Romania’s dangerous slide into illiberalism

The map above depicts countries where gay marriage is recognized (dark blue), where it is confined to a civil union (light blue), where it is not recognised (red) and where the issue is, well, a grey area. Let me to point your attention to the only EU “grey spot”, namely Romania.
To quote from Romanian Constitution, article 48: “marriage is grounded in the free consent between spouses”. Whether “spouses” could be of the same sex, is left open. This was the backdoor through which the current establishment party, PSD (Social Democratic Party) were able to clamp down on sexual-minority rights in Romania and endorse, along with the Romanian Orthodox Church, a campaign against gay marriage.
In this spirit, a gathering of more than 40 groups, many of them religious or describing themselves as “pro-life”, started in 2015 the so-called “Coalition for the family”. The alliance’s goal is to amend the Constitution to explicitly specify that marriage is the union between a man and a woman (like the other red countries in the map above).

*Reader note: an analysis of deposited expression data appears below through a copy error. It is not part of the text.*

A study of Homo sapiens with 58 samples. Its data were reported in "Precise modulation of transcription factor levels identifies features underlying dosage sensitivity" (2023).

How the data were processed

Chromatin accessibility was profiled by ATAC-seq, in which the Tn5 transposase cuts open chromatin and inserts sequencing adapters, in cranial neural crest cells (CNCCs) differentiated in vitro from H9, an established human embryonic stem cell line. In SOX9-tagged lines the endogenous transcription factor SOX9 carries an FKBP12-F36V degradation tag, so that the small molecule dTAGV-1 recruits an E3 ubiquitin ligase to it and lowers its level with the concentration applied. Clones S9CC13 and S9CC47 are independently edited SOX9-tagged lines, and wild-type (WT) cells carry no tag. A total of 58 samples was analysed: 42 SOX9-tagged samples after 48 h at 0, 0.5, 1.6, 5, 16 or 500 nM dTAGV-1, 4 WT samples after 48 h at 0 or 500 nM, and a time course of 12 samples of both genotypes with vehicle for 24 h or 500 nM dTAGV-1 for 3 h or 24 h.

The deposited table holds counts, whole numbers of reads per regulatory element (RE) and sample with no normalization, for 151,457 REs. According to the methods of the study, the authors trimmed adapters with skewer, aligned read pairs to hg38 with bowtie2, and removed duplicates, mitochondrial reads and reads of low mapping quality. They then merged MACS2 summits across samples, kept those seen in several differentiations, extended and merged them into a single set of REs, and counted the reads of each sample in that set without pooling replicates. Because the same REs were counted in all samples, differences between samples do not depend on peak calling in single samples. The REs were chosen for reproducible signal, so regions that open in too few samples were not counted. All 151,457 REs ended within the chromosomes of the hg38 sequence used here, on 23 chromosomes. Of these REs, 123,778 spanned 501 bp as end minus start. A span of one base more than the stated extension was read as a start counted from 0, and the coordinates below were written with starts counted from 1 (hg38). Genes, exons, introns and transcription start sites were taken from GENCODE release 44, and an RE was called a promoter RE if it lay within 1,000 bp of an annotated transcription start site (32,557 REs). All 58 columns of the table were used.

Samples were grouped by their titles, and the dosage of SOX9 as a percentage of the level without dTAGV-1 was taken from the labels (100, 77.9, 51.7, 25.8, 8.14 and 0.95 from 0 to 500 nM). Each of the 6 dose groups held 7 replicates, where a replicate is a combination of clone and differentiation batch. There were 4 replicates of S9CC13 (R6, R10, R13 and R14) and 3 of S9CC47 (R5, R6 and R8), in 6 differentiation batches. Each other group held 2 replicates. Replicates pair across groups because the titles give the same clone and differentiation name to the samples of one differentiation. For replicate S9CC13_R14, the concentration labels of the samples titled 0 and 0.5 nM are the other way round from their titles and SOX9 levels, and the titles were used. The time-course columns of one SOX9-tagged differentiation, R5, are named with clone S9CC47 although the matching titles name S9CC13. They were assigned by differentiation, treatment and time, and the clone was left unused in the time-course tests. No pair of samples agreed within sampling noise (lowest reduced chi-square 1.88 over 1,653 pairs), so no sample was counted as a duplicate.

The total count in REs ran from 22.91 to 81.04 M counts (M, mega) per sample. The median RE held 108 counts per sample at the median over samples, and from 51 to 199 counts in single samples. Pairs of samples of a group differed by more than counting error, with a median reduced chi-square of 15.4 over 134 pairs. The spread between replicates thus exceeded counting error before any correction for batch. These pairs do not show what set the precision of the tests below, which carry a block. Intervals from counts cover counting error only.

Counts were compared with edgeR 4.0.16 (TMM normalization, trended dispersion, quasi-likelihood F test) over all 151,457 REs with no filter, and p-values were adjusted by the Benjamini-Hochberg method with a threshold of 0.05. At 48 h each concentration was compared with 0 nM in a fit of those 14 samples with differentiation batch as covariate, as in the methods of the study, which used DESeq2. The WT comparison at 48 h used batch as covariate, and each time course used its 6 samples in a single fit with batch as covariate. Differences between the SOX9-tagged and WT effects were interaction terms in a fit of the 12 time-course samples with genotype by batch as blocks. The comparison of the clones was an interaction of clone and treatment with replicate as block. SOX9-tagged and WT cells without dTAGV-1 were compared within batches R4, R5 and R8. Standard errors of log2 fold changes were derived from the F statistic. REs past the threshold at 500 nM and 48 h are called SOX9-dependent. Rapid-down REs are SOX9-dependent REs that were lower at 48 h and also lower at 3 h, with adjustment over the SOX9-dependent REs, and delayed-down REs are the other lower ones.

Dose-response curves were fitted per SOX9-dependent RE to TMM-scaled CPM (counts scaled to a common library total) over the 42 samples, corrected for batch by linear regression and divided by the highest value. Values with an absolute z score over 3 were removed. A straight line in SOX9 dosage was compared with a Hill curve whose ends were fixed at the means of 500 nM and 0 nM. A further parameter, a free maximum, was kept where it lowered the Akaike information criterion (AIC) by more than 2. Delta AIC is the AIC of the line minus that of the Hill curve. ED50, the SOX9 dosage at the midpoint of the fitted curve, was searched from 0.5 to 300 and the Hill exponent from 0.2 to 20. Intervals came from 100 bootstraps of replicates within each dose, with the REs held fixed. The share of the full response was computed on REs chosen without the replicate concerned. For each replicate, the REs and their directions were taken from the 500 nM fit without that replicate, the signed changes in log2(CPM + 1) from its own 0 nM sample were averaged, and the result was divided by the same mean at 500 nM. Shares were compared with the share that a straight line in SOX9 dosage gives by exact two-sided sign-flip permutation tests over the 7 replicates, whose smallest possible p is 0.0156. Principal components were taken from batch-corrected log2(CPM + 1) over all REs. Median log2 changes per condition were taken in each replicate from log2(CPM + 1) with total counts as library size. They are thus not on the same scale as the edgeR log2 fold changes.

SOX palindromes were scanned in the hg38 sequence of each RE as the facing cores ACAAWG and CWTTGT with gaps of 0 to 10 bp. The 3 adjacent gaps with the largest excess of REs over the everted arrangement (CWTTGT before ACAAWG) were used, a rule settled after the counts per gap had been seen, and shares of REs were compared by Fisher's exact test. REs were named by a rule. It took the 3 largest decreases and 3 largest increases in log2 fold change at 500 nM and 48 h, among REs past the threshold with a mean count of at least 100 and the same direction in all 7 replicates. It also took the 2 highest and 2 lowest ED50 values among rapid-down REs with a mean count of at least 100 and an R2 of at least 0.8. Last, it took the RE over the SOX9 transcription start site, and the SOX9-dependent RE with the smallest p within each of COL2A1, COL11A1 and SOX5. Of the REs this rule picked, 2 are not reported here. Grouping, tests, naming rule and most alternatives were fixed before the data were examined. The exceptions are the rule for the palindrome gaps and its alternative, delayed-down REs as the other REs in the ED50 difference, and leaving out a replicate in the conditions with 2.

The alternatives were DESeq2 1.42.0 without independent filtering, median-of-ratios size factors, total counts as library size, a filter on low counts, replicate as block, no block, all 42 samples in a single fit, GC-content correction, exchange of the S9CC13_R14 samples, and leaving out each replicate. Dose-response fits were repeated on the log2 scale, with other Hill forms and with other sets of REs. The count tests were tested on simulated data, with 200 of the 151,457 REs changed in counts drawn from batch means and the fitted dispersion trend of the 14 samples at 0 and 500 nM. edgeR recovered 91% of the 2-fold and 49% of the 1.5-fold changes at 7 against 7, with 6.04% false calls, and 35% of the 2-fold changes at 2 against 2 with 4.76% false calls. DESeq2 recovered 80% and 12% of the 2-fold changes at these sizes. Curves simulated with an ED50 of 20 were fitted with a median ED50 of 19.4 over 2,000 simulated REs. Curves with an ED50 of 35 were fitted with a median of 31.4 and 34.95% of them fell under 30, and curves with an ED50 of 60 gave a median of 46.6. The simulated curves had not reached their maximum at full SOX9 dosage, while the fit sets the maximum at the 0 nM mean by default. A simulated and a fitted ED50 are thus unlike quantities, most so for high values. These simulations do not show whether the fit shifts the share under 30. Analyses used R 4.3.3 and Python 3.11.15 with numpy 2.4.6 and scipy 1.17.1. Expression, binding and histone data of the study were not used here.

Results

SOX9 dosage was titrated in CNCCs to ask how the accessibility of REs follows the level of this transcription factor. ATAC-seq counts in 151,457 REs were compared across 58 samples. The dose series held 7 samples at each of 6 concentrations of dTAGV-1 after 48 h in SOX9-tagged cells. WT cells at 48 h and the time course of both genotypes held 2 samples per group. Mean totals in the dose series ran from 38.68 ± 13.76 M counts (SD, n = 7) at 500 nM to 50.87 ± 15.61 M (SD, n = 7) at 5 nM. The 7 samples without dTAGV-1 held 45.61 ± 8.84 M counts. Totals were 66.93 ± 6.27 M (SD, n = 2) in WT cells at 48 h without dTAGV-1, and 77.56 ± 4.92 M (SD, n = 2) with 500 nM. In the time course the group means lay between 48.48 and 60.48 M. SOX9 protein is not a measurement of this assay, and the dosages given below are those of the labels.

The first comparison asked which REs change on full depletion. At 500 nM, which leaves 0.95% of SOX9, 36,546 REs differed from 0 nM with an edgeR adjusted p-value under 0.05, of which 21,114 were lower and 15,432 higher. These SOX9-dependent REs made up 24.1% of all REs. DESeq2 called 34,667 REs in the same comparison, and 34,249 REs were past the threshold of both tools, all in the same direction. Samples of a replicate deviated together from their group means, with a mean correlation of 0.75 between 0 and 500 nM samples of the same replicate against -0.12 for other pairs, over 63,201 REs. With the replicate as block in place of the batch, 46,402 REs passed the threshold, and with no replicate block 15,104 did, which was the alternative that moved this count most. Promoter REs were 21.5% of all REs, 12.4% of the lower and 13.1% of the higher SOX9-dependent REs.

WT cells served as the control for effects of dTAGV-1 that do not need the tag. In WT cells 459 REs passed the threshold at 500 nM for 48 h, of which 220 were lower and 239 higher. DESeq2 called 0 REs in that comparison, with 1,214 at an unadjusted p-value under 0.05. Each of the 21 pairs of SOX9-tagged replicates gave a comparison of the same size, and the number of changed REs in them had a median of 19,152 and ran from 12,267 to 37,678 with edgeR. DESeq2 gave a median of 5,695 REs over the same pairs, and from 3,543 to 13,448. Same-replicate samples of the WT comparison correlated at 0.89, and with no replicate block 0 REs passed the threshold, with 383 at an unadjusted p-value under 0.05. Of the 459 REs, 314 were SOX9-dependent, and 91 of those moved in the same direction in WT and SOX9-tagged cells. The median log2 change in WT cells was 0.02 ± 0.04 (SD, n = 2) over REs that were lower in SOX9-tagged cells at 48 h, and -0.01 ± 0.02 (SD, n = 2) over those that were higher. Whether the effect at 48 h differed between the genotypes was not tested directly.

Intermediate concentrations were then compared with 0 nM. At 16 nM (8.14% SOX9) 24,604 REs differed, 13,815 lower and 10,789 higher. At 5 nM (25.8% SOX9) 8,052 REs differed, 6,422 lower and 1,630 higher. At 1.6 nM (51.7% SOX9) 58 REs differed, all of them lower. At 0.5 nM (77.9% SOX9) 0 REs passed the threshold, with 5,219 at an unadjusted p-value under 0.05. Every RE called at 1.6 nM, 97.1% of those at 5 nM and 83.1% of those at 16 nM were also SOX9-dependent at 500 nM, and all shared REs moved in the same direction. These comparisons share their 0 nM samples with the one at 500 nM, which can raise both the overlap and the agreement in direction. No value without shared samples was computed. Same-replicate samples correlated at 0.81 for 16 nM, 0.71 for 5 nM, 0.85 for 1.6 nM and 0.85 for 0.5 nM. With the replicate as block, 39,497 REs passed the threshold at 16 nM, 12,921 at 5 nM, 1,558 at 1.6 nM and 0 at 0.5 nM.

And they’ve been pretty successful so far – in just a few months they were able to gather over 3 million signatures to take the initiative to parliament. Moreover it is likely they will make big gains in November, when a national referendum could be called to change the constitution. In this respect, Romania is following its regional neighbours, Croatia, Poland and Hungary.
But there is more than that at stake. This sad story is after all about Romania’s conservative establishment, political as well as social, and the perverse way in which it is exploiting the deeply rooted rural mentality of large parts of its population.
It is about the battle for progressive ideas, like those of DiEM25’s Progressive Agenda. Grassroots democracy lives and flourishes where minorities are not subdued by authoritarianism. We should all be aware of this, and push hard against it.
 
Bogdan is a member of DSC Bucharest, but also a humble engineer living in Munich. His main points of interest are socio-political issues of South-East Europe, as well as promoting DiEM25 there.